Despite the recent economic upturn, these are financially rough times for everyone. You work hard for your money and you want to make sure that, especially during these economically volatile times, it doesn’t go to waste paying another high interest rate. By prioritizing your debt, you will maximize your payments, save your credit, and achieve a more manageable debt.

Focus on Your Home First

The roof over your head should always be your main priority. Taking care of your home mortgage is important, but the options for refinancing your home and maintaining affordable payments can be daunting. However, with the new HARP 2.0 guidelines released to offer underwater homeowners better rates, you may be surprised at what you’ll be able to afford.

You can get refinancing options though any of the bigger lenders like Lending Tree or Quicken Loans. You can also go through mortgage bankers, like the direct mortgage lender New American Funding, as they don’t charge you brokerage fees like a mortgage broker would.

Reducing or Eliminating Your Bills

Look for bills that can be reduced or eliminated. Do you really need to pay $150 each month on cable? (How many of those 1,000 channels are you actually watching?) With Internet streaming as popular as it is, you can practically watch any show online for free, too. Or, consider opting for a Hulu subscription for $8/month.

When it comes to your electricity bill, a few degrees here and there can easily equate to hundreds of dollars in savings. In the summer, keep it set at 78 when you’re home and 85 when you’re at work. Madison Gas and Electric has a great chart on how much you could save with just a few degrees’ difference.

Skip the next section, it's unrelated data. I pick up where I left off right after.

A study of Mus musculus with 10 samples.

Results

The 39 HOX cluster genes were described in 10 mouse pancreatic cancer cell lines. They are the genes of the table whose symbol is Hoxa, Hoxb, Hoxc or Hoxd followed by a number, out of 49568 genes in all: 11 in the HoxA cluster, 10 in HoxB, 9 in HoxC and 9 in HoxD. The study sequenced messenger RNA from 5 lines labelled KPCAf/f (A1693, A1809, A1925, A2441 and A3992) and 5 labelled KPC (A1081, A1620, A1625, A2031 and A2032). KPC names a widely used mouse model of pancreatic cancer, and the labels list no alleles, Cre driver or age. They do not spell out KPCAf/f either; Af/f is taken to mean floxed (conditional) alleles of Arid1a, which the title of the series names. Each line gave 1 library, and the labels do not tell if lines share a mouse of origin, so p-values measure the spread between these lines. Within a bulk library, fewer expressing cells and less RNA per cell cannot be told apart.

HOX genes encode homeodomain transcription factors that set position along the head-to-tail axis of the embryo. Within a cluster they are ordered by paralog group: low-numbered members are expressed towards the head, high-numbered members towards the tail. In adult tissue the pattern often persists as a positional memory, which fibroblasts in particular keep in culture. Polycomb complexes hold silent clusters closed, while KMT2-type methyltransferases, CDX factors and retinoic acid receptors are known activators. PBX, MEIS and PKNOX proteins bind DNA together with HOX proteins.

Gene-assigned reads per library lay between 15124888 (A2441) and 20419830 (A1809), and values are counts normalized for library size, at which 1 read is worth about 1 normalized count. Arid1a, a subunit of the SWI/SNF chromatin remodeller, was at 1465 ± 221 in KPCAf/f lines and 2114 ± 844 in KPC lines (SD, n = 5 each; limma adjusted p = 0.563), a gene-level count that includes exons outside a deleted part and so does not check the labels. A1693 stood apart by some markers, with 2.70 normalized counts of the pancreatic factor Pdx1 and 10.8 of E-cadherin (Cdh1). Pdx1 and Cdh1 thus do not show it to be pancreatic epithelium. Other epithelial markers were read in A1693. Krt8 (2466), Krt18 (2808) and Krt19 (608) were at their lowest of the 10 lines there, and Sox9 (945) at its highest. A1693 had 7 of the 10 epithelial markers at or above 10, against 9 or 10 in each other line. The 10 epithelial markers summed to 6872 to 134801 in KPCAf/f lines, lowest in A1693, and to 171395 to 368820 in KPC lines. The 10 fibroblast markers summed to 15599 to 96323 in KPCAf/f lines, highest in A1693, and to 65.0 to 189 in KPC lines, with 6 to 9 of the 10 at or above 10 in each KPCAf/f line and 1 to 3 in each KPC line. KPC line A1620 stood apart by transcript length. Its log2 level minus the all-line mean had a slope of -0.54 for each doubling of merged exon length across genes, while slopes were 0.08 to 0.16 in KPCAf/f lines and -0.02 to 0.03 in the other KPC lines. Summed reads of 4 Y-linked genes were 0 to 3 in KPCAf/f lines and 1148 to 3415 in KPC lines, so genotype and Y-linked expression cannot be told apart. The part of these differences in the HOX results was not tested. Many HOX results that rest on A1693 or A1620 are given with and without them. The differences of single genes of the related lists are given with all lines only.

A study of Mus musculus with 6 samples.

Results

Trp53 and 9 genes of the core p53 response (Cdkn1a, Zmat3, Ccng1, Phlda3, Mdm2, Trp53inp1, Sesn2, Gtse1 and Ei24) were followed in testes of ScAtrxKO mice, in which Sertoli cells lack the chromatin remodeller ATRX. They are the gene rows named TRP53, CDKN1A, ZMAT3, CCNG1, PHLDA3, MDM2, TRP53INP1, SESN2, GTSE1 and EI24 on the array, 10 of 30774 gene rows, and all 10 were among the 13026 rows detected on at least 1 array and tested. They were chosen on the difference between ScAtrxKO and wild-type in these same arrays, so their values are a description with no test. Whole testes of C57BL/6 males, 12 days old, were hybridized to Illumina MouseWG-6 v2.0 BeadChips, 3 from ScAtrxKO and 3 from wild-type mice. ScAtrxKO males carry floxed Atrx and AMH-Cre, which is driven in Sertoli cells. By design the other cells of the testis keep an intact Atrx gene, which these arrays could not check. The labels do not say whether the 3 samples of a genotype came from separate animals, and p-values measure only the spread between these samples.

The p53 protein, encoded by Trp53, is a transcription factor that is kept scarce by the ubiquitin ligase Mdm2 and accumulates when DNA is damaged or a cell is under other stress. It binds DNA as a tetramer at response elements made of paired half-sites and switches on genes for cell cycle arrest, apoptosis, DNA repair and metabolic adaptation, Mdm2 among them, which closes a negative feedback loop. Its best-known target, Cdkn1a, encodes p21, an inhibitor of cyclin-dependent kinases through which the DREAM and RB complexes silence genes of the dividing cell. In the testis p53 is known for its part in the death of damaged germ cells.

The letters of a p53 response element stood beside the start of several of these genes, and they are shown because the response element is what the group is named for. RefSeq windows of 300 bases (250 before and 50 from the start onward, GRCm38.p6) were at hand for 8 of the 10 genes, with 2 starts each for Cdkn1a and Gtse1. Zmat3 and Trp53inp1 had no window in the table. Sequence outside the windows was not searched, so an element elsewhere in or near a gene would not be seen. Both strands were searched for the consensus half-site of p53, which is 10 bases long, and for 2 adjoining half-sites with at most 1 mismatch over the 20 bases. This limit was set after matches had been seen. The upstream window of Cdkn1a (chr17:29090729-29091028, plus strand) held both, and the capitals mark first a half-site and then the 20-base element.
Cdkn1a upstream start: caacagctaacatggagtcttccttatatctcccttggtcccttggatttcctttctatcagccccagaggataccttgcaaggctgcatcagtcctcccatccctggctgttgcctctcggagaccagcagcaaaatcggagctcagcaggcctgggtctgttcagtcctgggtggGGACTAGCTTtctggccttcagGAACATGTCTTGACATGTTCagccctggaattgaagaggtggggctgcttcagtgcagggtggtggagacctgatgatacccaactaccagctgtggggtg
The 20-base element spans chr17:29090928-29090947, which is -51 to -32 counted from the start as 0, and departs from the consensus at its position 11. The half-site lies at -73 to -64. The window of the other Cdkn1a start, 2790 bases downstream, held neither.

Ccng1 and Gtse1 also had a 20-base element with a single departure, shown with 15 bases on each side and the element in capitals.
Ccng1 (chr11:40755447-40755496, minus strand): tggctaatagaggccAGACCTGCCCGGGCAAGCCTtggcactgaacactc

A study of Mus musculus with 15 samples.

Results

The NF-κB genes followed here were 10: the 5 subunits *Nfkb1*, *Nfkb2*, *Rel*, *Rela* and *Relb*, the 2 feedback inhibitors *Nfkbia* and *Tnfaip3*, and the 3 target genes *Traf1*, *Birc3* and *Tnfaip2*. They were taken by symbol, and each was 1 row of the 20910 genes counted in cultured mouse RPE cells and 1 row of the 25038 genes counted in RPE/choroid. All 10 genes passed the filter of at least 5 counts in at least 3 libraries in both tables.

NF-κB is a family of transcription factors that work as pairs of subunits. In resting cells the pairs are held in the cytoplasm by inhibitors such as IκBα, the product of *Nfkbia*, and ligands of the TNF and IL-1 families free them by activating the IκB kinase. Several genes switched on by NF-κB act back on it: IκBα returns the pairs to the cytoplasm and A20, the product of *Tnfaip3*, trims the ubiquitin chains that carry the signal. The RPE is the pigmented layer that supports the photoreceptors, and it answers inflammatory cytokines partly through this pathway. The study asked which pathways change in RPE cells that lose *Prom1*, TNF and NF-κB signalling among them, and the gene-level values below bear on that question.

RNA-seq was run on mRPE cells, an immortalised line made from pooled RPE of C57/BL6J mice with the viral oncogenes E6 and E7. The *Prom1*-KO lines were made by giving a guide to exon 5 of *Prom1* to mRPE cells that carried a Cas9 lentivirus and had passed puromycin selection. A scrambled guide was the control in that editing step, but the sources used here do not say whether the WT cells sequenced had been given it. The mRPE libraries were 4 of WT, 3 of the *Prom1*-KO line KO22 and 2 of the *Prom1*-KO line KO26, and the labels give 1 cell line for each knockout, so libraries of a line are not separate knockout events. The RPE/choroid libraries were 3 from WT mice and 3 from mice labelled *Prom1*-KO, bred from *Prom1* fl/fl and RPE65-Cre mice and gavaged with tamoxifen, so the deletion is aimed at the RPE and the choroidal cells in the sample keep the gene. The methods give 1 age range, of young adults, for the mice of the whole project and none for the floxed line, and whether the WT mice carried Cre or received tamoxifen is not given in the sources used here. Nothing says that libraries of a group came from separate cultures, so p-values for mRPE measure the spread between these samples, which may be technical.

Since it’s getting warmer outside, avoid using your oven as much as possible. Not only does it increase your electricity bill, but it also warms up the house so your AC works overtime. Instead, use your outdoor grill as much as possible.

A certified non-profit credit counselor will help you reduce unnecessary expenses and make a better budget. Utilize the services of the National Foundation for Credit Counseling and the many tools they offer to manage your debt.

Paying Off at a Lower Rate

If even after reducing or eliminating some of your bills you still have debt to take care of, call your creditor and negotiate paying off your debt for a lower amount but over a shorter span of time. However, the FTC suggests staying away from debt crisis clinics and be wary of businesses with high fees or demands.

Small steps over time can help you create a better financial future for you and your family as the economy recovers.


Brian Russell lives in University of Florida's Gator Country. He enjoys exploring new places and learning new things, plus sharing what he's found with others. Turnoffs include double spaces after periods and emails with unneeded CCs. He plays H-O-R-S-E at 3 p.m. EST every weekday at 352 Media Group.
  • Knoton Lyon

    This is great advice. We don’t have a ton of debt outside of our mortgages, so I just keep track of it in my head. We usually pay off the few cards we have each month to avoid interest.